Students at the University of Connecticut have various resources at their disposal designed to ease the transition between high school and college and promote academic success.
The Quantitative Learning (Q) Center is located on level two of the Homer Babbidge Library and offers tutoring for students enrolled in fundamental Q courses in mathematics, physics, chemistry and statistics. Students do not need an appointment and can stop by during tutoring hours, which can be found on the Q Center website (http://qcenter.uconn.edu).
“I found the Q Center extremely helpful,” Mansi Chapatwala, a third-semester nutritional sciences major, said. “They always answered my questions and I left there feeling confident for my chem exams. The wait was never long and the tutors always knew what they were talking about.”
The Writing (W) Center is located on level three of the library and offers 45-minute tutoring sessions designed for students to get feedback on their writing. Students are asked by tutors to talk about what they would like to address in their piece of writing and may be asked to read aloud from their paper.
“In each session, we aim to create a learning environment that offers one-on-one attention, a good conversation around your ideas and your writing and thoughtful answers to specific questions,” the W Center website says.
UConn also provides its students with resources to support their physical and mental health. These resources include Counseling and Mental Health Services (CMHS) and the Health Education Office.
CMHS is located on the fourth floor of the Arjona Building and offers several clinical services, such as individual therapy, group counseling, psychiatric services, crisis intervention services and alcohol and other drug services. Students can schedule an appointment by calling (860) 486-4705.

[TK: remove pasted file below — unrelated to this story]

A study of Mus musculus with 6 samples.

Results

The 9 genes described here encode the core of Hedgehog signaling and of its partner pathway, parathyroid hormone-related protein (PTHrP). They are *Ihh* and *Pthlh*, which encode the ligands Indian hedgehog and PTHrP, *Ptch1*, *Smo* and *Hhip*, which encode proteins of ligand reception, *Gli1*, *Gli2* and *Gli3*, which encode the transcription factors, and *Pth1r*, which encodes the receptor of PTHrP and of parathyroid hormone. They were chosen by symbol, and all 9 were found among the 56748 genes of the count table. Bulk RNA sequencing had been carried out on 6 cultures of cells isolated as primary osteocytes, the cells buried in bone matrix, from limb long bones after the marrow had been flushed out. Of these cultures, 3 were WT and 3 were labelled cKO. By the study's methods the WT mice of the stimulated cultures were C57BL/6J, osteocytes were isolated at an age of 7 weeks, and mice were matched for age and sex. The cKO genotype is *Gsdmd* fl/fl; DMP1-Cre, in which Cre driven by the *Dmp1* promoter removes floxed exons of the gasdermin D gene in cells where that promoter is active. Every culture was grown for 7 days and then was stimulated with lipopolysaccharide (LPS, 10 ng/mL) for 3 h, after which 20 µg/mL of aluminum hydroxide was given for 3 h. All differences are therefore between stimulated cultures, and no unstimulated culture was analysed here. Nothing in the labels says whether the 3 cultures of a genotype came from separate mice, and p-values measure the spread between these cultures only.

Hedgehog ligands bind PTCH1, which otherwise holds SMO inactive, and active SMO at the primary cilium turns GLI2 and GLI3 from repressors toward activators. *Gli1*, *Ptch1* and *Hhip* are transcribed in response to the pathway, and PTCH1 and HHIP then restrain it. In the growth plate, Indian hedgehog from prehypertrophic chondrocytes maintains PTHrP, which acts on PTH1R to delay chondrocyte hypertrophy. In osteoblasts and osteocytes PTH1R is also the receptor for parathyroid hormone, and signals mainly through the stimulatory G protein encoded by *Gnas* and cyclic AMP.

“Counseling and Mental Health Services promotes and fosters the emotional and psychological growth and well-being of all students at UConn by providing a wide range of mental health services on campus,” their website says. “CMHS staff has extensive experience in college counseling and is committed to providing high quality care in a safe, confidential and nonjudgmental atmosphere.”
Chapatwala said it is great that CMHS is a resource available to all students at UConn.
“If anyone is considering going, I’d definitely recommend going once to see if it works for you,” Chapatwala said. “At the office you take a general assessment so they can match you with the right therapist, so it’s very individualized. They also have people on call if there’s ever an emergency which I think is great, especially on such a large college campus.
UConn’s Health Education Office is located in room 125 of Wilson Hall in South Campus and is designed to “provide prevention, harm reduction and public health promotion services to the campus community,” according to their website. The office is largely focused on sexual health and education, as well as stress management.
Students can call Health Education at (860) 486-0772 to schedule a specific program. Stress management programs allow students to create their own herbal pillows and aromatherapy oil, learn massage techniques and practice mindfulness. Sexual health programs include Sex Jeopardy in First Year Experience classes and various games designed to educate students on sexual health.
Gabriella Debenedictis is a staff writer for The Daily Campus. She can be reached via email at firstname.lastname@example.org.